Passage to Bermuda
26 May 2017
Life changing events are often referred to as passages. It could be a marriage, birth, new job, or physical move to a new home. It could also be a death, illness or other loss that brings one through a passage. Passages are filled with emotions: excitement, dread, wonder, anticipation, and certainly a sense of unknowing.
This metaphor would have no meaning had it not been for the ancient path of mariners who traveled from a safe harbor to the open sea and lands beyond. These passages have always garnered emotions running from the highest expectations to great fear and dread. A passage is a journey from the known to the unknown. And like the well-worn cliché, “it's not the destination, it's about the journey.”
Lisa, Sophie and I have been sailing Uproar in the Caribbean for over a year. The longest passage in the islands have been the 100 miles between Carriacou and Tobago, Tobago and Barbados, and Barbados back to Carriacou. These routes are uncommon among Caribbean cruisers. Most travel from Grenada north to St. Martin and back down to Grenada during hurricane season. Land is always in sight for this migration up and down the Caribbean and passages are only about 40 miles at the most between islands. But the America's Cup in Bermuda drew our attention away from the Caribbean. Bermuda is 900 miles north of St. Martin. This makes it truly a passage.
Rick Anderson has joined Uproar for the passages from Beaufort, NC to Bahamas and Bahamas to Virgin Islands. These were not easy journeys, especially the passage to Bahamas where we were taking on water over the floorboards in 35 knots of wind! Believe it or not, Rick was eager to join us on our passage to Bermuda. Rick loves the islands but he would rather sail passages than sit at a beach bar. Thanks Rick!
We left St. Martin under a bit of trauma. Sophie (16 yo Jack Russell Terrorist) had gotten into Trader Joe's, dark chocolate while we were eating a great farewell dinner at Galion Restaurant in Marigot. We got back to the boat with a mess of wrappers and one sick dog. Propriety does not allow me to detail the messes we cleaned up all night. We got no sleep and worried about our sick dog. She was weak as a rag. A long walk to the veterinarian clinic in Marigot (with Sophie in a sling around my neck) and we were instantly in to see the doctor. He was quite concerned about Sophie's liver handling chocolate which is a poison to dogs. Blood tests proved that she was doing quite well. A few shots, some meds and $170 later he pronounce her not yet dead.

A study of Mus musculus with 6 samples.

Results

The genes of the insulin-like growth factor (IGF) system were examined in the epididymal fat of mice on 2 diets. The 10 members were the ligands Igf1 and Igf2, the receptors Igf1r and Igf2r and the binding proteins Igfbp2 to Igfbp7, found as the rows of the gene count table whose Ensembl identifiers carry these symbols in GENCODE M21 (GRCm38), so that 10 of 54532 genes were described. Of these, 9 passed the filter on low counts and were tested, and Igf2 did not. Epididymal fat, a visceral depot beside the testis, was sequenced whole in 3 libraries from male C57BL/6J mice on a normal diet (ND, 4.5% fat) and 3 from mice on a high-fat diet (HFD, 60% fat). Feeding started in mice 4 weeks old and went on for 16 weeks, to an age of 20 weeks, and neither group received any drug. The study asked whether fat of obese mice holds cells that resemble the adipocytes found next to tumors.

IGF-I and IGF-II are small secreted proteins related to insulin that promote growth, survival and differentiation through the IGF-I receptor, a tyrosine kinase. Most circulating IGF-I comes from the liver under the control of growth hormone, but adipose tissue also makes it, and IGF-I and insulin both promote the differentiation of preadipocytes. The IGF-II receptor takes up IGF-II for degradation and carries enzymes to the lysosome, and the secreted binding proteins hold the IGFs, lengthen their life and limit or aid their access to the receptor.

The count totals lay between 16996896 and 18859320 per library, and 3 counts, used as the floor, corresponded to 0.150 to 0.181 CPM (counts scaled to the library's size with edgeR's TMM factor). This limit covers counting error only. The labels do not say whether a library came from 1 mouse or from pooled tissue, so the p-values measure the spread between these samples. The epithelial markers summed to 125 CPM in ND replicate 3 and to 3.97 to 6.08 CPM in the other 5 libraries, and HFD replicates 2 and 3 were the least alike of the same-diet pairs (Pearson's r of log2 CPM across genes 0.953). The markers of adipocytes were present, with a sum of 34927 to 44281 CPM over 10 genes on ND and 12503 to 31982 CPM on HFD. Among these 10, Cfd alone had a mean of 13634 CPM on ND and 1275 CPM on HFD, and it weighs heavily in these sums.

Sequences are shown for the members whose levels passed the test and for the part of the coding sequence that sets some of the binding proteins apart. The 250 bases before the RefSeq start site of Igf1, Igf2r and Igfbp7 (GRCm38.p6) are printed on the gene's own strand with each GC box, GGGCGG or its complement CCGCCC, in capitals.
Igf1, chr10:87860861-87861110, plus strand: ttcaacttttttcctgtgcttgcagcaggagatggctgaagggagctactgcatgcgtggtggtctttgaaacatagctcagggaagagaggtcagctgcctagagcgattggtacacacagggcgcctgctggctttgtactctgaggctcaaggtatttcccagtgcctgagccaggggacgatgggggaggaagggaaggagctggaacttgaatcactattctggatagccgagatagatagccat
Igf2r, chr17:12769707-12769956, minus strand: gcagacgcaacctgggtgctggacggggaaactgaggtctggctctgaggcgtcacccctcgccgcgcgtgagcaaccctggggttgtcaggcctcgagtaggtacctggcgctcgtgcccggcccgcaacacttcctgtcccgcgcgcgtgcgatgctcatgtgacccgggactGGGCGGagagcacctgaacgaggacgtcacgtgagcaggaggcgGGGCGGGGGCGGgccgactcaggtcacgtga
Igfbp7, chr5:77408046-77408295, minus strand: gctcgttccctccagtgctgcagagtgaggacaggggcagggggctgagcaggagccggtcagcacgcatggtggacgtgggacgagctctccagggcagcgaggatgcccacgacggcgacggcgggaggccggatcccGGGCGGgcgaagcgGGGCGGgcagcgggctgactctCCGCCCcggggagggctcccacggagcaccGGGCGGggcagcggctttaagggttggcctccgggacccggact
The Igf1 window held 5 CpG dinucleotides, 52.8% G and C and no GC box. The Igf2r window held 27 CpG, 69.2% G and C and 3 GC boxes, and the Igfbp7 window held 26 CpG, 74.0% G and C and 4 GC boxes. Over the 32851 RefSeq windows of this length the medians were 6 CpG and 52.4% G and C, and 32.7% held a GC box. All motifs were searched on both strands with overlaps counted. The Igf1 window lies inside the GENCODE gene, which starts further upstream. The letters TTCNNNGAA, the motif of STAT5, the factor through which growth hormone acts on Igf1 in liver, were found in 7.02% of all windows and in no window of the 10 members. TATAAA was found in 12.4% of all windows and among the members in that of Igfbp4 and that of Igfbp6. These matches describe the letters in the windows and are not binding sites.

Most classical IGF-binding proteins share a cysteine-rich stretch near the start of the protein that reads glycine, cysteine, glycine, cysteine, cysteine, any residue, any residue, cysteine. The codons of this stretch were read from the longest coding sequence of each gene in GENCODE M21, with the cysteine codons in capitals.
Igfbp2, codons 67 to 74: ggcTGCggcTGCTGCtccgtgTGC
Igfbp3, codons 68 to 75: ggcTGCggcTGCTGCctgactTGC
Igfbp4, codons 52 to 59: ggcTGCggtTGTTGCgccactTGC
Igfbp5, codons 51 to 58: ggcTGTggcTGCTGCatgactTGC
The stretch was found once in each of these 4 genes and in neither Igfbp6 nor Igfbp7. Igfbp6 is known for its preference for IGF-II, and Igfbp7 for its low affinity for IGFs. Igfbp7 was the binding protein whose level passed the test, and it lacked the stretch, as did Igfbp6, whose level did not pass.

We were so excited about this passage and Sophie really messed that up for us....but just for a short while. I suggested we all take a nap back on Uproar and asses our ability to sail after. At 4:00 pm we fueled up and headed out. Weather forecasts suggested some brisk conditions and we wanted to get some miles in before the wind went slack. It was brisk and a bit rough for the first day. Not an ideal way to start out. It takes a few days to get into the rhythm of being at sea. By day two we were still sailing fast and settling in.
It is a peculiar thing to be at sea. “The ocean is a desert with the life underground...” True enough, the ocean is a great expanse of blue. With 250 miles to go, we have seen only one sailboat and two commercial vessels. We have been sailing for 4 days and nights. Bermuda will come after 5 ½ days of sailing. That seems like a long time but we travel at the speed of a lawn tractor. I looked it up on the internet, a Sears tractor does about 6 mph or 5.5 knots. We actually average over 6 knots but that's not much faster than a lawn tractor. Sailboats are like the Eveready Bunny, they just keep going, ticking off the miles. And the sailors get into the rhythm, live it and love it. Uproar loves passages too. She loves to sail and does well in all conditions. Right now we have only 10 knots of wind and from the NE. We are beating to weather in smooth, rolling seas. The weather router said we would have to be motoring in these conditions. But Uproar is sailing along smoothly at 6 knots, our target speed for the passage. She feels happy and so do we.
The stars at night are breathtaking. The sea is always beautiful, even in its rage. We caught a large Mahi, one of the most colorful fish in the sea (and tasty). Cooking, sleeping, reading, standing watch, and repeat. Since Uproar is the “cruising boat with a racing problem” we (rather I) kept up the fastest pace she would carry. But about half-way through, I decided comfort was a little more important. We reefed when the wind was up and were rewarded by a more comfortable cadence to the rhythm. It was a rhythm that matched boat well to crew. The anxious drive to arrive quickly has left me. Lessons from my Zen master, John, come back to me. Live in the moment and “just be.”
This passage is a life changing experience. One I am grateful for.